Published by Scottish Council for Voluntary Organisations

TFN is published by the Scottish Council for Voluntary Organisations, Mansfield Traquair Centre, 15 Mansfield Place, Edinburgh, EH3 6BB. The Scottish Council for Voluntary Organisations (SCVO) is a Scottish Charitable Incorporated Organisation. Registration number SC003558.

Children across Scotland share widespread financial concerns

 

A poll for Action for Children found "adult issues" are now playing on the minds of Scots kids.

More than a quarter of children in Scotland worry about their family having enough money to live comfortably, a new report has warned, as the cost of living crisis deepens. 

Research by charity Action for Children warns of the challenges facing children today, with vast numbers of children concerned about “adult issues” including family finances. 

The report found that most parents and grandparents polled in Scotland fear childhood is getting worse – and one in four children agreed.

Action for Children and YouGov polled three UK generations – quantitative surveys of over 5,000* children and adults - to explore the biggest issues affecting childhood post-pandemic in a revisit of its landmark study from 2019.  

Amongst the children surveyed in Scotland, 26 per cent said they worry about their family having enough money to live comfortably while 47 per cent said they worry about people suffering because they don’t have enough money. 

Experts warn the UK could be facing the biggest income squeeze in nearly fifty years with rising fuel and food prices, with the growing conflict in Ukraine likely to push up living costs even further.

Paul Carberry, national director of Action for Children in Scotland, said: “It is the fundamental responsibility of any government to make sure every generation of children has a better childhood and a brighter future than the last.

“The Scottish Government state they want Scotland to be the best place in the world to grow up however, our survey of children, parents, and grandparents, found that many families do not see this reflected in their own lives. For this aspiration to become a reality, we need to listen to and act accordingly to what these children, parents, and grandparents are telling us.

“Child poverty remains a stubborn stain on the fabric of Scottish life with one in four children in Scotland growing up in poverty.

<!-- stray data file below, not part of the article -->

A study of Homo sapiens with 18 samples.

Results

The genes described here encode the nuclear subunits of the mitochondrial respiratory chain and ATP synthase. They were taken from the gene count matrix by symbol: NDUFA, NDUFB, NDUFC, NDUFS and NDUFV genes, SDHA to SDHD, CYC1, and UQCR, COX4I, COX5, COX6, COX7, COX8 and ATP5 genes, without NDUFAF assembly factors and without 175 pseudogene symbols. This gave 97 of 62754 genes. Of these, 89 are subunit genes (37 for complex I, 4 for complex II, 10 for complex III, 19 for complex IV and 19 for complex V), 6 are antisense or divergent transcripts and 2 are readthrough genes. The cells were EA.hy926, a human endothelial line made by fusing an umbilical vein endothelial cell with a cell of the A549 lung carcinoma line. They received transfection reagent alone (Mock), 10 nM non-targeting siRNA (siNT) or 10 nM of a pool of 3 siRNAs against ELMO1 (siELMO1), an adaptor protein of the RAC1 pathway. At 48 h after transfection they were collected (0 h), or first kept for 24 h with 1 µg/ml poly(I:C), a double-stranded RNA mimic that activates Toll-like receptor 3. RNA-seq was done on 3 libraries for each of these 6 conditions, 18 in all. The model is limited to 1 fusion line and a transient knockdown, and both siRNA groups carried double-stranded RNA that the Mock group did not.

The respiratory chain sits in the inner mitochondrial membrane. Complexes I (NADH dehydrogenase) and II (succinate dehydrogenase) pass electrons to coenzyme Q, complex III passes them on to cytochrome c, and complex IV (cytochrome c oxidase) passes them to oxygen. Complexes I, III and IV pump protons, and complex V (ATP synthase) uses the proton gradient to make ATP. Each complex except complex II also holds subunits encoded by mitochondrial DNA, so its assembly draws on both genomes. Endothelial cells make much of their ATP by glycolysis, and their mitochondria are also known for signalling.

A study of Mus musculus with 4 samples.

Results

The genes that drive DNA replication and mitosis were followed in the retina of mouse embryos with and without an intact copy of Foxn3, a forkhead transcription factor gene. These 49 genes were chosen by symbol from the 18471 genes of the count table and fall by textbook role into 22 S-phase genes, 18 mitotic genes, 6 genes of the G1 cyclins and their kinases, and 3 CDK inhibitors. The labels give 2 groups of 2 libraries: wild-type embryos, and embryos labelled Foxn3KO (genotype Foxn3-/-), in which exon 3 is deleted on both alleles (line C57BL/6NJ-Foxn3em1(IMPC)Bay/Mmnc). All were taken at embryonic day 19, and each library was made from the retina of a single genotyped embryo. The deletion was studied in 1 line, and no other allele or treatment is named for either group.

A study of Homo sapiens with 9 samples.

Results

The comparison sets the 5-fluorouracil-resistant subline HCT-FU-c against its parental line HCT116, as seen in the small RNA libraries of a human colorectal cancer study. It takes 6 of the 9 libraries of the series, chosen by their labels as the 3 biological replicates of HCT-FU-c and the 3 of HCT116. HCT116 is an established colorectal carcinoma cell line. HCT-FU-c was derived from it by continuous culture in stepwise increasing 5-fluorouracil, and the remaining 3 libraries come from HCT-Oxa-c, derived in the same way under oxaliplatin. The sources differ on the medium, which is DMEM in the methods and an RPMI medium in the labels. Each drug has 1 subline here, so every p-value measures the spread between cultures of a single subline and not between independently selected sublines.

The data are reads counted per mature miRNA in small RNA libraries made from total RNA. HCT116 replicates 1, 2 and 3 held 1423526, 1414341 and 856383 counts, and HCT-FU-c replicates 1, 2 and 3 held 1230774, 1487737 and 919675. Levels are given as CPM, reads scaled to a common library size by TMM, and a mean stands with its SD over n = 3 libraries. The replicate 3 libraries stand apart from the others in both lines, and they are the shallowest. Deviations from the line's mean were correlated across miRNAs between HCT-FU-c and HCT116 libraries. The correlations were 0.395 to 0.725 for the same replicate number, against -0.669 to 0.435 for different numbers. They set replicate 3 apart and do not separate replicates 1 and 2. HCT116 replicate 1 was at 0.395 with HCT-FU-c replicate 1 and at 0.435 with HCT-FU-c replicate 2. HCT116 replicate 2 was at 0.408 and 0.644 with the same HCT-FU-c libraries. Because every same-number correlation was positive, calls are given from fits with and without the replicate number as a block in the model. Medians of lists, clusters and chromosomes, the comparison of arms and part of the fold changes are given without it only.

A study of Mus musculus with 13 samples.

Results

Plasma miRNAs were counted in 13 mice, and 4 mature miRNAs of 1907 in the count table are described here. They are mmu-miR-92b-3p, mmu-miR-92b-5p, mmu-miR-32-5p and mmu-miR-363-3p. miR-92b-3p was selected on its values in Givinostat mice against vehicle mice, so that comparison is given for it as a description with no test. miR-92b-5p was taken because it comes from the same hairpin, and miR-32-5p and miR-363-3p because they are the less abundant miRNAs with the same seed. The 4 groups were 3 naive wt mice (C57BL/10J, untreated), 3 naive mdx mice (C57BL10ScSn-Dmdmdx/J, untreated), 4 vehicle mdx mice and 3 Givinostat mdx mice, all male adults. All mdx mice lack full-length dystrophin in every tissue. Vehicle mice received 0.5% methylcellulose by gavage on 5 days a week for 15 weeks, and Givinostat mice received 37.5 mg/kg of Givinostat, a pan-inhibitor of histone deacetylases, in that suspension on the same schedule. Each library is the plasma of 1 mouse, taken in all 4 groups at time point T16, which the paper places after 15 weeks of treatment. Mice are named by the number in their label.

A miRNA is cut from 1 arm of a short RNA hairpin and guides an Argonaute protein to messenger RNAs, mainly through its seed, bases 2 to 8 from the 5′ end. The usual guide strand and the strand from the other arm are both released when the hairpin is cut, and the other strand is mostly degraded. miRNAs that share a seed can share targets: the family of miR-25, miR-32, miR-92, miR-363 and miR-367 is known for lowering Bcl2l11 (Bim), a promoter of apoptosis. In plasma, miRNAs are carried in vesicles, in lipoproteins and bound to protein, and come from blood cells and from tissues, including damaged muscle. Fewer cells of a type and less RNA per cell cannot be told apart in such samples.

“The Scottish Government must do more to address this with more support for families, many of whom were already on the brink of poverty before the cos of living crisis intensified. The Scottish Government has recently made welcome steps in the right direction, with their newly published Tackling Child Poverty delivery plan, but giant leaps are needed to truly achieve Scotland’s child poverty targets.”

Top issues children identified as preventing them from fulfilling their potential are the impacts of the Covid-19 pandemic, too much pressure from school and poor mental health. 

Two years on from the first national lockdown, mental health is now a much bigger worry for children, now ranking in the top five things they worried about with 39 per cent citing their mental health as something they were concerned about.

Covering up a worry is common for children with nearly six in ten of those surveyed admitting to hiding worries from their parents. 

Family support would help build stronger relationships between children and parents where there are issues, but almost three quarters of Scottish parents surveyed felt the Government was investing too little into services that support childhoods.

Encouragingly though, children do feel more optimistic about their own prospects, with 34 per cent of those surveyed in Scotland believing they have a brighter future than their parents.

The research comes after the Scottish Government outlined its plans to cut child poverty in Scotland last week. 

Mr Carberry added: “Through our work with children and young people, we know we are all shaped by our earliest relationships and experiences which is why early intervention is paramount. The worries children are exhibiting around their mental health and coping financially will be felt long into children’s futures unless we act now.

“Our mental health services for young people have been shown to be incredibly impactful but long waiting lists mean many are not receiving the support they need when they need it. 

“Family support is another service which could help tackle the mental health crisis among our young people. It builds on the strengths of families, promotes parenting skills and increases the parents’ ability to nurture successfully, while developing the resilience of children and young people. 

“Both of these areas require more investment and development if the Scottish Government is ever to meet its ambition.

“The likely fall-out of the Ukraine conflict with even higher energy bills and inflation rates not seen for a generation, is a double blow for low-income families, already locked in a crippling cost of living crisis. The pandemic also continues to hang heavy, and its impact will be felt long into children’s futures.”